I really love the way Sonya Hartnett writes. Every now and then, when I want to see a master storyteller at work, I find my copy of Thursday’s Child, printed in the United States in 2002, and reread it. I do the same with What the Birds See (2003).
Read Seven Impossible Things on the Brownie & Pearl series.
To be sure, these are far from pick-me-up tales, but I’m not looking for that when I turn to Hartnett’s novels. I’m looking for great stories and beautiful prose. It’s the way she turns a phrase and how she brilliantly constructs the narrative that has me at frequent intervals putting the books down and muttering to myself in awe that someone is capable of writing that good.
As I once wrote at my own site, it’s the latter title in which Hartnett takes “haunting”—the most overused adjective in book reviewing (or one of them)—one step further to downright spectral and straight-up chilling with its themes of love (or a lack thereof), loss, the innocence and vulnerability of children, and the emotional damage that can occur to them when neglected.
But when one thinks of this internationally acclaimed Australian author, one doesn’t think of chapter books for very young readers. Hartnett has primarily written for older readers. I suppose the closest she’s ever come to a book for younger readers is 2006’s The Silver Donkey and last year’s The Midnight Zoo.
But now things have changed. At the end of this month, Candlewick will release Sadie and Ratz, Hartnett’s new chapter book for young readers. Yes, chapter book. When I saw an early copy of this, I did a double take.
Not surprisingly, the book is emotionally compelling. This is Sonya Hartnett we’re talking about, who is quite good at nailing the sometimes-cruel worlds of children, à la Robert Cormier. (I feel compelled to point out that, despite the “dark” label repeatedly attached to her writing, Hartnett is a rather cheery person, as she noted in my 2007 interview.)
There are three short chapters here in a book that clocks out at around 60 pages. There’s also clear, large text with ample spacing, as it should be for early chapter books. All of that is to say that this can be read in one sitting—if you’re a parent, teacher or librarian, that is, reading to children. And that is exactly what I did. In my case, I read it to my young daughters and a visiting friend. If only I could show you the looks on their faces as we went through each chapter.
This is the story of a young girl, Hannah, who refers to her 4-year-old brother as Baby Boy. Hannah has named her hands Sadie and Ratz, and all of Hannah’s great frustrations with her younger brother, who blames many things on his sister, are channeled through her hands. She turns them inward to vent (such as, with her own thumb wars), but she also uses them to try and exact revenge. (“They jump onto Baby Boy’s head, and try to rub his ears off.”) “Sadie and Ratz aren’t animals,” she tells readers. “‘But they behave like wild beasts,’ says Dad.”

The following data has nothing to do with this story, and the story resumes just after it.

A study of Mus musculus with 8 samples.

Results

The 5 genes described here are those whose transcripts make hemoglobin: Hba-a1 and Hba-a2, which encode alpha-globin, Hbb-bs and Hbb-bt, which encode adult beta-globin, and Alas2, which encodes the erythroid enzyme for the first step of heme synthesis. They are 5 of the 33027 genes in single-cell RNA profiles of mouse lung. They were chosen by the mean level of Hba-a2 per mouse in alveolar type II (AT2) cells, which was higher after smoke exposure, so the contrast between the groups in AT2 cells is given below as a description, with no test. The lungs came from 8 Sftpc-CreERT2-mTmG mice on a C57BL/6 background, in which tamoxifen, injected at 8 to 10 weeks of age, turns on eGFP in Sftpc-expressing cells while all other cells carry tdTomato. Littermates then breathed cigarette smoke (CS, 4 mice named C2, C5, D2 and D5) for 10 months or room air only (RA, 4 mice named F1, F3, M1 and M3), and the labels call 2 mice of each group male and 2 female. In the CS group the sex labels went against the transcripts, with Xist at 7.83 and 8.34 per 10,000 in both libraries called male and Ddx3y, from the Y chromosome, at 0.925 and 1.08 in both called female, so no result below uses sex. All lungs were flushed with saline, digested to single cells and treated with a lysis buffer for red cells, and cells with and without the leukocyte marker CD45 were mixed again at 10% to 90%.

There’s so much emotion here that I had to sneak looks at the children as I read, and it was with great passion that their faces reflected the dramatic array of feelings Hannah explores in this short book—anger, sadness, frustration, joy. Hartnett nails the emotional rawness of children, who have none of the veneers we adults possess for protecting our vulnerable cores. And she offsets the intense emotions with humor and makes a larger point about the imaginative play of children. And, cathartically enough, her “crafty” little brother gets called out for his crimes at the end, though it’s hardly as if Hannah is at-all-times innocent.
This Sendakian tale—even Ann James’ striking charcoal illustrations, which perfectly capture the emotional impulses of Hartnett’s story, are reminiscent of early Sendak art—never once strikes a false note.
This, an outstanding chapter book for early readers, is the kind of good writing that all young children deserve.
Julie Danielson (Jules) has, in her own words, conducted approximately eleventy billion interviews and features of authors and illustrators at Seven Impossible Things Before Breakfast, a children's literature blog focused primarily on illustration and picture books.